Worcestershire: 284 (Compton 79, Mitchell 65, Bird 4-48) and 64-1 require 393 to beat the Australians: 396-4 declared (Watson 109, Smith 68) and 341-5 declared (Clarke 124, Hughes 86).
A domineering century from Australian captain Michael Clarke has put Australia in a position of enormous strength against a Worcestershire side posing little threat to the Ashes visitors.
The Pears require a merely nominal 393 runs for victory on Day 4 of this warm-up match, and Clarke's men will be hopeful of taking the remaining nine wickets to wrap up what should be a comfortable victory.
Michael Clarke's first month in England couldn't have been much more difficult than the one he has had to face.
Australia struggled terribly in the Champions Trophy, exiting the tournament as probably the weakest side on display. Clarke himself was injured for the majority of the campaign and genuine questions were being asked regarding his Ashes availability.
David Warner then threw a punch at Joe Root, blowing open a Pandora's Box of debate about the "toxic" culture in Australian cricket.
This all before coach Mickey Arthur was sacked by Cricket Australia amid a significant coaching restructure and Darren Lehmann's ascension to head coach.
Thus today's expertly constructed century against Worcestershire, Clarke's first serious impression on the field since landing in England more than a month ago, will have been particularly sweet. It comes at a time when Australia are belatedly beginning to look like a smoothly functioning international cricket team.
Clarke has displayed a remarkable aptitude for scoring runs when his side most needs them since being Australian captain.
Granted these runs, in what is becoming a very low-intensity affair, won't go down as his most important or hardest runs in Australian colours, but they further demonstrate his uncanny knack for letting his cricket bat do the talking.
Australia desperately need an in-form, fully fit, Clarke in the Ashes. Today's innings will give Australian fans cause for optimism in this regard.
Phil Hughes' 86 today will have ended any remaining doubts surrounding his place in the Test side for the First Ashes Test next week.
Questions will remain over Hughes' technique, reliability and sturdiness as a Test cricketer, but like four years ago for the 2009 Ashes, Hughes will start the series in the team and again have a chance to prove his flashy talent can succeed in five-day cricket.
Hughes can play breathtaking cricket shots and has the power to take matches away from the opposition. Although England have in the past appeared to have the method to unpick his vulnerable technique, they will remain wary of the destructive left-hander.
Ed Cowan will most probably play in the first Ashes Test match, but another failure to convert a start into a significant score will have critics sharpening their knives.
Cowan was dropped early on in his innings today and failed to make the most of his good fortune. The left-hander has faced questions over his ability at Test level ever since his debut. He missed a precious chance to buy himself more breathing space in the Test team with a substantial score against weak opposition today.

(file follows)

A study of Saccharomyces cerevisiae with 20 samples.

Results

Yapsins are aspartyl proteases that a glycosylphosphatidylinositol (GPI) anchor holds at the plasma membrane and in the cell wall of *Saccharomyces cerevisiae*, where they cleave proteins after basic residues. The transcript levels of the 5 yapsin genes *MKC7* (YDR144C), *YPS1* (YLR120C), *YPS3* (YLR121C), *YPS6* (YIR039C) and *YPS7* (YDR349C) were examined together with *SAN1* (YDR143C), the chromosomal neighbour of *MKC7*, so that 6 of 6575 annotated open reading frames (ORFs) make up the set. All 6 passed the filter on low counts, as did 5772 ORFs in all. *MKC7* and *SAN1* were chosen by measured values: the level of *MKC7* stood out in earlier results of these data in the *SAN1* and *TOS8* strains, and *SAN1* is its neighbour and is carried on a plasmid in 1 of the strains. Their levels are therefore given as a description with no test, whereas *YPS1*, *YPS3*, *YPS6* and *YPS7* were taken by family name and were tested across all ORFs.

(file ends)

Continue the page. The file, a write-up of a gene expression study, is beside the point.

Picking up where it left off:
Cowan's nose-to-the-grindstone method is similar to discarded England opener Nick Compton. Whether Cowan's grit, determination and fight will see him score runs against a potent England bowling attack in the Ashes is questionable.
He will count himself lucky that there's a dearth of other options for the visitors.
Yesterday evening, Nick Compton, all but officially dropped from England's Test squad, hit out at the England selectors for the way they have handled him; an act of a frustrated and bitterly disappointed man. Whether he scored 200 in Worcestershire's second innings or zero, he wouldn't have made the squad.
Thus it must have been enormously difficult for him to gee himself up for his second innings of the match in today's evening session.
His first innings vigil was a final dash for unlikely glory, his comments yesterday an admission of defeat and the hangover was today's innings. Like a man who has to drag himself out of bed for work after a heavy night out, Compton's innings today could not have been easy.
When he fell for just 26, it would've taken a cold man not to feel his pain.
Compton hasn't done much wrong since being told he had to "go away and score some runs" by England's head coach Andy Flower. But England regularly pick players based on mentality and attitude, guts and heart.
Whilst no one is doubting Compton's determination, it's difficult to not feel that the selectors just don't feel Compton is an international cricketer who can deliver runs when the pressure is on.
This match has helped Australia further establish what their starting XI is for the Ashes, but to describe it as a "warm-up" would be generous.
Worcestershire have hardly tested the visitors, and Clarke's men may find themselves short of high-intensity cricket when they are thrown into the cauldron of a Trent Bridge Test match next week.